Claiming that it is being hampered in its efforts to provide high-quality medical care, a group of Ventura County obstetricians and gynecologists is terminating its contracts with 19 low-cost health insurance plans.
The Ventura County Obstetric and Gynecologic Medical Group, a partnership of three doctors with offices in Ventura and Oxnard, explained the decision in a letter sent this month to 6,000 patients, about 2,000 of whom are covered by such plans.
Although the doctors stand to lose large numbers of those patients, they said restrictions in the kind of treatment being covered by the insurance companies were adversely affecting the quality of care they provided.
"This is something we've been anguishing over," said Dr. Richard A. Reisman, a partner with Drs. John C. Gustafson and Steven G. Coyle.
"I want our practice to offer old-fashioned, personalized care. It may not be the most efficient, but it's the most satisfying."
But a spokesman for Blue Cross of California, whose "Prudent Buyer" plan was canceled by the three doctors, said his company merely requires that physicians be held more accountable.
"I think this is extremely insensitive to the needs of their patients," said Brian Gould, senior vice president and medical director for Blue Cross. "We don't dictate medical practice. We just ask that the medical establishment justify its expenses."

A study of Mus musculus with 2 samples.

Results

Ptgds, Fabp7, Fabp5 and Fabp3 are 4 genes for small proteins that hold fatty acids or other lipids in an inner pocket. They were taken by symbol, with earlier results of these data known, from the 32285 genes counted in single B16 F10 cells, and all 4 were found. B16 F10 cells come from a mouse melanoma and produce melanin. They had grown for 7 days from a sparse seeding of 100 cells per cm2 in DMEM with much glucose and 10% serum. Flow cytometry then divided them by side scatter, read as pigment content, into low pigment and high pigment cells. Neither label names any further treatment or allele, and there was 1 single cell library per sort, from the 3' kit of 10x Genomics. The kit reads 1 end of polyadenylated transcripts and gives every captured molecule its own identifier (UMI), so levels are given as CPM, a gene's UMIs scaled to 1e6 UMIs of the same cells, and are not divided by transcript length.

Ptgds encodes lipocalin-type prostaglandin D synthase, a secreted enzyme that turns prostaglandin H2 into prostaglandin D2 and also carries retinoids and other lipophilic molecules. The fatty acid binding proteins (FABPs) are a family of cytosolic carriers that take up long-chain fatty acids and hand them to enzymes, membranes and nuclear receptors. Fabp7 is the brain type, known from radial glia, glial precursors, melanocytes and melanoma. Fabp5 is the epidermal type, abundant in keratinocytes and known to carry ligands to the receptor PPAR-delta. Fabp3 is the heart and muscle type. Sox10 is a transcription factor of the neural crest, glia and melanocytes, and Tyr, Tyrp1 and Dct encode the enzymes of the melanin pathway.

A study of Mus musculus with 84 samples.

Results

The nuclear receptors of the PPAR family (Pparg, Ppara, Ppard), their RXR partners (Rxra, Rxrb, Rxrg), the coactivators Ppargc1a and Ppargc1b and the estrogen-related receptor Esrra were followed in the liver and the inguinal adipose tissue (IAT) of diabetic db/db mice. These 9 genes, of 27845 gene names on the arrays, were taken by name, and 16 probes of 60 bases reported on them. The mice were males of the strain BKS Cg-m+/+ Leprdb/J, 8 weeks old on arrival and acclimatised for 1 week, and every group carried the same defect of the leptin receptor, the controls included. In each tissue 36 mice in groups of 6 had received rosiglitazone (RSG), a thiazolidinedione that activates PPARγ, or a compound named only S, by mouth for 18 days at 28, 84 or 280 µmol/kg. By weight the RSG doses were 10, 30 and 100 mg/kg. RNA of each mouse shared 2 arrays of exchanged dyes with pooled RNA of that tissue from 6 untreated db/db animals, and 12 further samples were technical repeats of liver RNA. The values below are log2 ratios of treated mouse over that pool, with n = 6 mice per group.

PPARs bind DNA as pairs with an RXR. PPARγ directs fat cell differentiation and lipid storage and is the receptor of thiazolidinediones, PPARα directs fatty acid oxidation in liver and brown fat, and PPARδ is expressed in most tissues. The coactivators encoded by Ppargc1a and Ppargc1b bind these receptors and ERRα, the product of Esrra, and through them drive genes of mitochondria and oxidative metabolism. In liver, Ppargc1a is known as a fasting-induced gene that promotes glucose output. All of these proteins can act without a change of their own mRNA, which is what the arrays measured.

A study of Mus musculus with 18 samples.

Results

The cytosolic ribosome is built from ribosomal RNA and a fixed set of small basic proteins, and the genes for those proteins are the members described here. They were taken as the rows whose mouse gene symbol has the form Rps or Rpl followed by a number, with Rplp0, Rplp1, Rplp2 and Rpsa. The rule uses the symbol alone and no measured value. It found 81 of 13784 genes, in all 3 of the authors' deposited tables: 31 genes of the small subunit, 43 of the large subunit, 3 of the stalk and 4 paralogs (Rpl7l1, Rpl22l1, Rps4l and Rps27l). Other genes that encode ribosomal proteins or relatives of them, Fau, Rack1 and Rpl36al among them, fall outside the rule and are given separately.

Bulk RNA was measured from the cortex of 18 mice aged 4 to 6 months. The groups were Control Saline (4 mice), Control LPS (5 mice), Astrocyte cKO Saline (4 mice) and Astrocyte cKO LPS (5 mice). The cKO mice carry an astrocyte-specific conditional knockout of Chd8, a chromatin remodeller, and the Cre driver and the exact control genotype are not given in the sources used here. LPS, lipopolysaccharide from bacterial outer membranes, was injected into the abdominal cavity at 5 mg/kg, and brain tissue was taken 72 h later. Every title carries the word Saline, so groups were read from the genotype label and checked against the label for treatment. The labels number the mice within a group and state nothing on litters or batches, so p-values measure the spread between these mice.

While many local doctors never accepted low-cost health plans when they came into vogue in the early 1980s, a spokeswoman for the Ventura County Medical Society said it was the first example of a large cancellation that she was aware of.
The insurance plans, known as preferred provider or health maintenance organizations, are generally able to cover 90% to 100% of a patient's medical expenses by contracting with physicians at discounted rates.
In return, the physician is promised large numbers of patients.
Reisman, however, said the insurance companies can also dictate the number of diagnostic tests or length of hospital stays they are willing to pay for, restrictions that he says make it difficult to provide the kind of care he feels may be necessary.
"Many health plans are beginning to materially interfere in the practice of quality medicine by too often dictating what services or procedures may be provided, based upon financial criteria rather than medical appropriateness," stated the letter sent to the office's patients.
The three doctors said they would give patients up to 12 months to find a new physician or enroll in another plan.
Babies from current pregnancies will be delivered, they said.